In December 2018, several changes were made to the Civil Code of Québec affecting divided co-ownerships—i.e., condo buildings. Keep reading to find out more about the main changes for condo owners.

Your condo insurance policy

Your policy includes coverage for:

Your legal liability if you accidentally injure another person or damage their property


For example: Your bathtub overflows, causing water damage in your downstairs neighbour’s unit.

The contents of your unit (your personal belongings)1


For example: Your belongings are damaged in a fire.

Improvements and betterments made to your original unit


For example: You replace the original melamine kitchen cupboards with hardwood.

As a condo owner, you’re responsible for any damage to your personal property and to improvements and betterments made to your unit. So having your own insurance is crucial.

The condo association’s insurance policy

The condo association (called a syndicate in Bill 141) insures the common portions of the building and each owner’s original unit.2 The condo association is also responsible for creating a self-insurance fund (or reserve fund) to cover emergencies and repairs.

If a loss occurs, the condo association is now responsible for repairing all damage to the building, including damage to individual units.

However, when the condo association files a claim with its insurance company, some expenses may not be covered—meaning unit owners could be asked to cover the difference:

Application of the condo association’s deductible


For example: The main electrical panel breaks, causing damage to the building. The condo association’s insurance company takes care of the repairs, but a $10,000 deductible applies.

Insufficient coverage under the condo association’s policy


For example: A sewer backup causes damage to all ground level units. The condo association’s insurance company takes care of the repairs, but the maximum amount payable is $100,000 and the repairs cost $125,000.

No coverage under the condo association’s policy


For example: The building is damaged in an earthquake, and the condo association’s insurance policy excludes earthquake coverage.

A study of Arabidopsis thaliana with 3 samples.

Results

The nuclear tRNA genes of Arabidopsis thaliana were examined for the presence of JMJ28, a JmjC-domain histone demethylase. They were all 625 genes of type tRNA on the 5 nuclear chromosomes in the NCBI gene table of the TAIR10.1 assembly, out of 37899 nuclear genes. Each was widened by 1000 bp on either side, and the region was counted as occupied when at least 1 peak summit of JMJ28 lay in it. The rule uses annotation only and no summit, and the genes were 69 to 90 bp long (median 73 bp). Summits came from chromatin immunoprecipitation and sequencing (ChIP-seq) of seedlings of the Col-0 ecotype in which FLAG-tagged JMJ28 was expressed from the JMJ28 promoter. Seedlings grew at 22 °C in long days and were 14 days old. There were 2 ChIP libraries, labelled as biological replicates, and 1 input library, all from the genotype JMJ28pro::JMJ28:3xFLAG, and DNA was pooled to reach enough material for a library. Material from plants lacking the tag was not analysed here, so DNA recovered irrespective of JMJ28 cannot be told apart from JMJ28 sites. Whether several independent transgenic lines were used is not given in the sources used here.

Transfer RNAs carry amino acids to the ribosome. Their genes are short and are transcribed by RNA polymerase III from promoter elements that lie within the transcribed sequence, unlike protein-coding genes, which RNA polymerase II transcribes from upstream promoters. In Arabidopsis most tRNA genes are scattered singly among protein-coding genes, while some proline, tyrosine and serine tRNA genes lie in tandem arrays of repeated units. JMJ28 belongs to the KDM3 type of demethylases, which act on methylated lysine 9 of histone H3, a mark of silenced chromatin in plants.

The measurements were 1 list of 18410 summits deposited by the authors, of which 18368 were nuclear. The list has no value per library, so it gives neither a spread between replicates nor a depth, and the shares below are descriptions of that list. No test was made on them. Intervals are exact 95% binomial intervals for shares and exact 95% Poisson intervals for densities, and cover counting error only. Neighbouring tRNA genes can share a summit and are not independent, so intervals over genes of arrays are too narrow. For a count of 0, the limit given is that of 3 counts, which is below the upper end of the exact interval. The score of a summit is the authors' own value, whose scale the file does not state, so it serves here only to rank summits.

Here’s how condo associations can recover these amounts:

If the loss was caused by a unit owner
The condo association can require the owner responsible to pay all amounts not covered by the condo association’s insurance. Other unit owners won’t be asked to contribute. The unit owner who was at fault will be covered under the liability portion of their own condo insurance policy.

If the loss was not caused by a unit owner
The condo association can use its self-insurance fund, or it can charge a special assessment to all unit owners, even those whose units weren’t damaged. To be covered for this type of special assessment, your insurance policy needs to include sufficient standard protection or optional protection.

Impact on Desjardins Insurance clients

If the condo association decides to charge a special assessment to all unit owners, here’s what your insurance policy covers and excludes (assuming you have the required coverage, and subject to the maximum amount payable for the coverage):

Not covered

Application of the condo association’s deductible

Covered

Insufficient coverage under the condo association’s policy

Covered

No coverage under the condo association’s policy

So basically, if the condo association charges a special assessment because it has insufficient coverage (or no coverage) for the loss—and if the type of loss is covered under your condo insurance policy—you will be covered.

However, your insurance policy does not cover special assessments charged by the condo association to cover a deductible payable under the condo association’s insurance policy.

Count on your insurer for the right advice

The introduction of Bill 141 could change your insurance needs. If you want to make sure you still have the coverage you need, talk to one of our insurance agents.

Looking for more information about your insurance coverage? Learn more about insurance for condo owners from Desjardins Insurance.

Impacts for condo associations

Condo associations must now meet new requirements with regard to insurance policies for condo buildings.

Learn more

Additional information

Copropriété : modifications législatives en vigueur le 13 décembre 2018, Chambre de l’assurance de dommages (French only)

Copropriété, Bureau d’assurance du Canada (French only)

Changements législatifs : le BAC fait le point sur l’assurance copropriété, Bureau d’assurance du Canada (French only)

1. Product descriptions on this page are for information only. Full details regarding coverage and exclusions can be found in the insurance policy, which always prevails. Conditions, exclusions and limitations may apply.

2. Condo associations have until June 13, 2020, to provide unit owners with a detailed description of private portions.

See how easy it is to protect your condo with our condominium insurance!